Friday, February 17, 2006

Universal or Limited?

Chris Tilling had a wonderful little excursus on Universalism which was rather thought provoking and readily recognises the complexities of the issue. Then recently, someone brought up the topic of the Reformed Tradition's notion of “limited atonement”. I’m rather perplexed about these issues. Currently, I’m also reading Ben Witherington’s The Problem of Evangelical Theology. Ben deals with many of these things in the opening chapters [although, he misses some significant literature in this debate, which seems to weaken the overall argument – even though I find myself in much agreement with what he says.
But what I’m curious about, is how people explain the follow scriptures:
For to this end we toil and struggle, because we have our hope set on the living God, who is the Saviour of ALL people, especially of those who believe. 1 Tim 4:10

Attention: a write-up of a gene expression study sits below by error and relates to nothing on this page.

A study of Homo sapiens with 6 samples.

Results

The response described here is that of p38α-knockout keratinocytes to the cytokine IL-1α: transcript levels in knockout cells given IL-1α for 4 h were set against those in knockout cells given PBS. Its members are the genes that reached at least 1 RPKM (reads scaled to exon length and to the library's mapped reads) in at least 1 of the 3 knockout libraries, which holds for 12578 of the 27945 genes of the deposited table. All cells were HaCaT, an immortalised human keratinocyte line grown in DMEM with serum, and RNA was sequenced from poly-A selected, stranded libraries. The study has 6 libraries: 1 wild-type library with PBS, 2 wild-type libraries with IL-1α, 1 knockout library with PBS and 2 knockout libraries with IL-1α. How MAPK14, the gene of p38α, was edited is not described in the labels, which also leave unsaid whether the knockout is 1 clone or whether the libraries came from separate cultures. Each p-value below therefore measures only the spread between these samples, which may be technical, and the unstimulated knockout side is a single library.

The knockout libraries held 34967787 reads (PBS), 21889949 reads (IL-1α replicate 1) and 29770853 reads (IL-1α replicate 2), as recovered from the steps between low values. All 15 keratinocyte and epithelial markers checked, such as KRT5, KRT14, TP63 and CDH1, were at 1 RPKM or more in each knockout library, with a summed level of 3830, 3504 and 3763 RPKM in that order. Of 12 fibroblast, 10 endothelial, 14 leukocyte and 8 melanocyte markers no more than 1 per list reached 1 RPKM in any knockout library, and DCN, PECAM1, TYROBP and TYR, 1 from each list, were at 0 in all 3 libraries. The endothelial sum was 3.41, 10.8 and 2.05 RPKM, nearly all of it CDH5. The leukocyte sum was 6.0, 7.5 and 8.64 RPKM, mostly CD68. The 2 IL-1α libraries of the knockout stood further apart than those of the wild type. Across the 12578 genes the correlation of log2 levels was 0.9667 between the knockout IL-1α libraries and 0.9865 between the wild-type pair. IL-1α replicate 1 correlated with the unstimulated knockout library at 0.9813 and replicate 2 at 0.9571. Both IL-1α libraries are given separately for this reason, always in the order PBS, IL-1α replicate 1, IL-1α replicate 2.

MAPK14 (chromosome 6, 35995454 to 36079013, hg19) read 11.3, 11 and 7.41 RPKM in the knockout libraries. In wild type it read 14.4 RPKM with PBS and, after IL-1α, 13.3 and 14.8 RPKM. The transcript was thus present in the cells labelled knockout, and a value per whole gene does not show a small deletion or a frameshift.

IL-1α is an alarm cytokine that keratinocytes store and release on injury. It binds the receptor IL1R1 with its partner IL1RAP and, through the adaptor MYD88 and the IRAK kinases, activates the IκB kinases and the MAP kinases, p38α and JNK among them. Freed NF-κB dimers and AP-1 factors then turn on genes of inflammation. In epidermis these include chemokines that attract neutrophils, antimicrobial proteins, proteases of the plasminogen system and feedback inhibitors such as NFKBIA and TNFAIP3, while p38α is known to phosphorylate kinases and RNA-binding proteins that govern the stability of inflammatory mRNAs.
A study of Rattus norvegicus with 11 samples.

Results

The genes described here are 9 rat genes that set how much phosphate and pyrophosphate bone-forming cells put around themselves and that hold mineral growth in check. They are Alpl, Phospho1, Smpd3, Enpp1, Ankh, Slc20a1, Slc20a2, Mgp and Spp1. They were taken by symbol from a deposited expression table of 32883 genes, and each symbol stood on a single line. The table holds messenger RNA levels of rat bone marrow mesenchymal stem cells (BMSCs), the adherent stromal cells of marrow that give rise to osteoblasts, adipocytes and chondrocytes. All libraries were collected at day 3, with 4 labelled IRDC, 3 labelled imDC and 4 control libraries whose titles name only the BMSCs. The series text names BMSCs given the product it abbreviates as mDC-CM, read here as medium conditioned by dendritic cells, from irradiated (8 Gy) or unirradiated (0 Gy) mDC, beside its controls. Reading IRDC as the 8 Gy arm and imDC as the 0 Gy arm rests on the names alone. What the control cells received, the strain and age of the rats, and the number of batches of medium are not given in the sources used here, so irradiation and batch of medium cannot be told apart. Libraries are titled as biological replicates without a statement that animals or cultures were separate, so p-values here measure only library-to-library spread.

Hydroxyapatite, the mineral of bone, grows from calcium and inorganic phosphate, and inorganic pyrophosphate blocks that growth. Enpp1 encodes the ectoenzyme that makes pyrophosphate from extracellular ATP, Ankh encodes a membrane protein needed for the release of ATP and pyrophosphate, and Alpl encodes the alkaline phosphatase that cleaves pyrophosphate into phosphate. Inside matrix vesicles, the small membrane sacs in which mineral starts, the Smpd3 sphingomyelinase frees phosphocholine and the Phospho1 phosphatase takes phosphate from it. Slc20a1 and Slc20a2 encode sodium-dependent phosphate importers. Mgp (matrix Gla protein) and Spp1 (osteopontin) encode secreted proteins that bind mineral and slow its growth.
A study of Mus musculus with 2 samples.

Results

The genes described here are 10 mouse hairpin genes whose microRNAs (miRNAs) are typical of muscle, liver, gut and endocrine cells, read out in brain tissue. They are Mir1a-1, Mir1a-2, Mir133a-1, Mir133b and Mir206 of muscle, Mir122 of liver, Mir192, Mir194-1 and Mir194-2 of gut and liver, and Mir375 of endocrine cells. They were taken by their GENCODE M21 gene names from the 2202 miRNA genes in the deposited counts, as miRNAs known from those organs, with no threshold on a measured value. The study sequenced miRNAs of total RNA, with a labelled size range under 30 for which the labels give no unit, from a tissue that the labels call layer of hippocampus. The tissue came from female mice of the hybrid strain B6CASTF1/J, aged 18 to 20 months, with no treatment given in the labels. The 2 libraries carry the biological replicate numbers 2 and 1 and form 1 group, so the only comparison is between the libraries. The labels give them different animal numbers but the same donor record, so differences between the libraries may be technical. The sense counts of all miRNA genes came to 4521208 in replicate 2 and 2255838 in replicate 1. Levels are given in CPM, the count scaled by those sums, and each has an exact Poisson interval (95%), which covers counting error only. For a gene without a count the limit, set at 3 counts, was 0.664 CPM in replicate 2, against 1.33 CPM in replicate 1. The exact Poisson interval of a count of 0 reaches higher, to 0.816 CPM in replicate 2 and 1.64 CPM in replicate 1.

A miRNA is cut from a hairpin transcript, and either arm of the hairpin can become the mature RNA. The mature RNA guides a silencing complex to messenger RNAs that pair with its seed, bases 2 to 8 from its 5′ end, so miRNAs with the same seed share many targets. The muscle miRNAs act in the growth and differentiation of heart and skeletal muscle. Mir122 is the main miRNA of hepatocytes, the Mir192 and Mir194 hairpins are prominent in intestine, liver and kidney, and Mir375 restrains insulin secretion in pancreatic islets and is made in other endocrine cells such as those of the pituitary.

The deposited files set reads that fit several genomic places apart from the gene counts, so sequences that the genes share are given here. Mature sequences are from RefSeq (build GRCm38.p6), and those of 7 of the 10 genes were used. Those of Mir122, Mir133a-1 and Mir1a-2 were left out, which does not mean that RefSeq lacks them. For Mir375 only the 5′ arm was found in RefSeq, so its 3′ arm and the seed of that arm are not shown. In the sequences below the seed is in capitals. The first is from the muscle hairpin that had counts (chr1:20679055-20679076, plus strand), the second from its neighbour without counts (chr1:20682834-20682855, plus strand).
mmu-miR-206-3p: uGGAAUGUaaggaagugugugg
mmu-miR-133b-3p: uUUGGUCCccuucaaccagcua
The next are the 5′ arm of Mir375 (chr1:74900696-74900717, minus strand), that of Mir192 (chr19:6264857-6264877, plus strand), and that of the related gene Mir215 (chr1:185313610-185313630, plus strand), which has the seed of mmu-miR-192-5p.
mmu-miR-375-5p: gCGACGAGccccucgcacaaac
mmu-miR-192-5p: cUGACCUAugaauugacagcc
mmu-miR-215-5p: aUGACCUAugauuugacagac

he is the atoning sacrifice for our sins, and not for ours only but also for the sins of the WHOLE world. 1 Jn 2:2
Jesus, who for a little while was made lower than the angels, now crowned with glory and honor because of the suffering of death, so that by the grace of God he might taste death for EVERYONE. Hebrews 2:9
and through Jesus, God was pleased to reconcile to himself ALL things, whether on earth or in heaven, by making peace through the blood of his cross. Col 1:20
With all wisdom and insight he has made known to us the mystery of his will, according to his good pleasure that he set forth in Christ, as a plan for the fullness of time, to gather up ALL things in him, things in heaven and things on earth. Eph 1:10
Now I recognise that these have been used to argue for universalism, and I’m not quite convinced of that. But how does someone who holds to limited atonement exegete these scriptures? Surely there must be one or two monographs that tackle this issue? Could the apostle Paul honestly have believed that Christs work was of only limited value? And is the issue in these verse relating possibly to the Jew/Gentile issue, and from that can we conclude that our questions regarding the extent of Christs work is unknown and cannot be known, because this is a question foreign to the text's worldview and story?